With a new Oregon budget forecast showing a boost of more than $1 billion in tax revenue above previous estimates, higher education officials see an opening for more money to fund public colleges and universities.

Oregon’s higher ed leaders hope that some of that anticipated funding can go to state financial aid. At least one university has said it would scale back its tuition increase for the upcoming academic year if the state provides additional financial support.


With this newest state budget forecast, it’s looking promising that the public universities may get more than that. The universities have been advocating together for a total of $900 million in the Public University Support Fund. And that amount has already inched up from the governor’s initial recommendation.

“When you look at the Public University Support Fund, the $900 million request, there’s a lot of positivity that we’ll get to that number,” Oregon State University’s executive director of government relations, Katie Fast, told the OSU board of trustees Friday.


Even without hitting the $900 million goal, at least one public university said it would lower a proposed tuition increase if the current budget released by the co-chairs is authorized.

The Oregon Institute of Technology last month approved a tuition increase of 4.9% in both base undergraduate and graduate tuition. That’s the largest tuition increase among all of the public universities. But OIT said that it would decrease the tuition increase to 3.9% if the legislature were to increase the governor’s recommended funding by about $50 million — or the exact amount set by the co-chairs for the PUSF budget.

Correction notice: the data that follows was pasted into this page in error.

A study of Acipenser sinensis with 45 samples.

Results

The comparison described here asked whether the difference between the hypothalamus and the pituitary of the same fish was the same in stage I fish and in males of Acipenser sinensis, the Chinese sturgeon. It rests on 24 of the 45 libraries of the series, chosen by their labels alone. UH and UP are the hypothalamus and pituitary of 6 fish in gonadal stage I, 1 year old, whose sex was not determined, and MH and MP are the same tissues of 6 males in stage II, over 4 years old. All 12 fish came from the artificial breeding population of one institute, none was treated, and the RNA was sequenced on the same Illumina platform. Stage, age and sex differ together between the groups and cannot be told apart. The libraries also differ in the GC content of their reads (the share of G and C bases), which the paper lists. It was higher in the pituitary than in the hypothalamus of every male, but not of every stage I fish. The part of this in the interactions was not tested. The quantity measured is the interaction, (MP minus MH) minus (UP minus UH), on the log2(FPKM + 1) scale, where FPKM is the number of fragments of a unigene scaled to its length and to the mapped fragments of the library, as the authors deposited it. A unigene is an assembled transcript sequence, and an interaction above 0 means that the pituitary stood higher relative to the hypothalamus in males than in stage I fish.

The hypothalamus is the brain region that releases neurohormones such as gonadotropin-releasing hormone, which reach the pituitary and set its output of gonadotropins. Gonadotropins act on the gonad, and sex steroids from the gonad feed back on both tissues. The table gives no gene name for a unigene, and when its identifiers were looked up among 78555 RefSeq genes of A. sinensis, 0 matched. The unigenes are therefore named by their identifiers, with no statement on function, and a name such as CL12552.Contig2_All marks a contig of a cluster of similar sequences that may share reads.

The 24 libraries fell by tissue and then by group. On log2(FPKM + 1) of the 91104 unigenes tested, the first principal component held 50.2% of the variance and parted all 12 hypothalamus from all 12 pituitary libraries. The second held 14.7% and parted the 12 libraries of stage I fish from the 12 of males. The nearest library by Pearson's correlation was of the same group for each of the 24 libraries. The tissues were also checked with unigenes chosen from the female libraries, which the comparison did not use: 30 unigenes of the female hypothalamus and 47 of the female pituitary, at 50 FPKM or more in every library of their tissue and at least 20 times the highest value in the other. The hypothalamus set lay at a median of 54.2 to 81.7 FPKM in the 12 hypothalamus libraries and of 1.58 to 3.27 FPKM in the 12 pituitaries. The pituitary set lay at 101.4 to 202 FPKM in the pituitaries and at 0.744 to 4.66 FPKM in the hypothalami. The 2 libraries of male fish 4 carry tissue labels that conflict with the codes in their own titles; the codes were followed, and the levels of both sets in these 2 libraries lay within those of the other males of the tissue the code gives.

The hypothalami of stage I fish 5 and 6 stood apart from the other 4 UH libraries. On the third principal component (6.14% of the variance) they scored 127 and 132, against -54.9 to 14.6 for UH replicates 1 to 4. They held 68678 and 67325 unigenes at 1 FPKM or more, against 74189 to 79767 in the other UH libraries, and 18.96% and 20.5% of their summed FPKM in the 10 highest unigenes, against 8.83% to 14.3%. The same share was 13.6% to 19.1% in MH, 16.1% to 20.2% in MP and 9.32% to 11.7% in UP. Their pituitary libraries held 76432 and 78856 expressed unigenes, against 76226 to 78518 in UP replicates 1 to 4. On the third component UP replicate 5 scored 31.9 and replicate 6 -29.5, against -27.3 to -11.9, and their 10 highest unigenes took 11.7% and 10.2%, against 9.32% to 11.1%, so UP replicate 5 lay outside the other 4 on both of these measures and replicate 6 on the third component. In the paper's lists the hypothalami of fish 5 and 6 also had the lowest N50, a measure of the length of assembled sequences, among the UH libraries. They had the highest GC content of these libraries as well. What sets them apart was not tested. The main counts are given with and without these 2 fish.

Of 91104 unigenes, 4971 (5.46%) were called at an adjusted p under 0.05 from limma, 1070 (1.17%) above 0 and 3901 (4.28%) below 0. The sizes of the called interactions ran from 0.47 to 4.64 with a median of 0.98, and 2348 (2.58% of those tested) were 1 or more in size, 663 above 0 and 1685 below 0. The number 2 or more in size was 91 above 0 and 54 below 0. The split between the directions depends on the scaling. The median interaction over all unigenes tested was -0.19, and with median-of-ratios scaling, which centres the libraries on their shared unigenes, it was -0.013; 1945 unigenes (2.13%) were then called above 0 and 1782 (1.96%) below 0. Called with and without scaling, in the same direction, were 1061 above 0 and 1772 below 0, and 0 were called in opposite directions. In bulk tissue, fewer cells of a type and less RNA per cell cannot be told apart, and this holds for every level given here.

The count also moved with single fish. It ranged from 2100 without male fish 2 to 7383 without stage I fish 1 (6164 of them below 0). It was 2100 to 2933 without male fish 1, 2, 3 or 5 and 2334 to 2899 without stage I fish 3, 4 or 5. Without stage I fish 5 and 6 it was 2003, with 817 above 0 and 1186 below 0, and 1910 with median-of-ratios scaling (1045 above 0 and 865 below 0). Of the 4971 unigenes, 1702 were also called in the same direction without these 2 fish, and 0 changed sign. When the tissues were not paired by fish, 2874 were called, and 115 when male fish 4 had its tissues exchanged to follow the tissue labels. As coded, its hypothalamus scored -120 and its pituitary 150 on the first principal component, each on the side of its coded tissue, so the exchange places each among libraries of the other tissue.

Official budget decisions typically do not happen until the end of the legislative session, but regardless, the new state forecast is leaving some higher education officials feeling more optimistic.

“The positive revenue forecast creates a clear opportunity for the Legislature to invest now to secure affordable access for Oregonians to colleges and universities, and to ensure that students are well-supported when they arrive,” Ben Cannon, executive director of the state’s Higher Education Coordinating Commission, said in a statement. “Postsecondary education and training has never been more important for getting a family-wage job, and we should be doing everything possible to expand this opportunity especially to first-generation, underrepresented minority, and low-income students.”

In addition to investing in the universities’ programs, Cannon said the state legislature should also expand financial aid for Oregon students — specifically the Oregon Opportunity Grant, a state-funded grant program for low-income students.

According to the most recently available data from the Higher Education Coordinating Commission, from 2009 to 2019, more than two million applications for financial aid were eligible for the Oregon Opportunity Grant, but only 16.5% of those students received the grant due to the grant’s limited funds.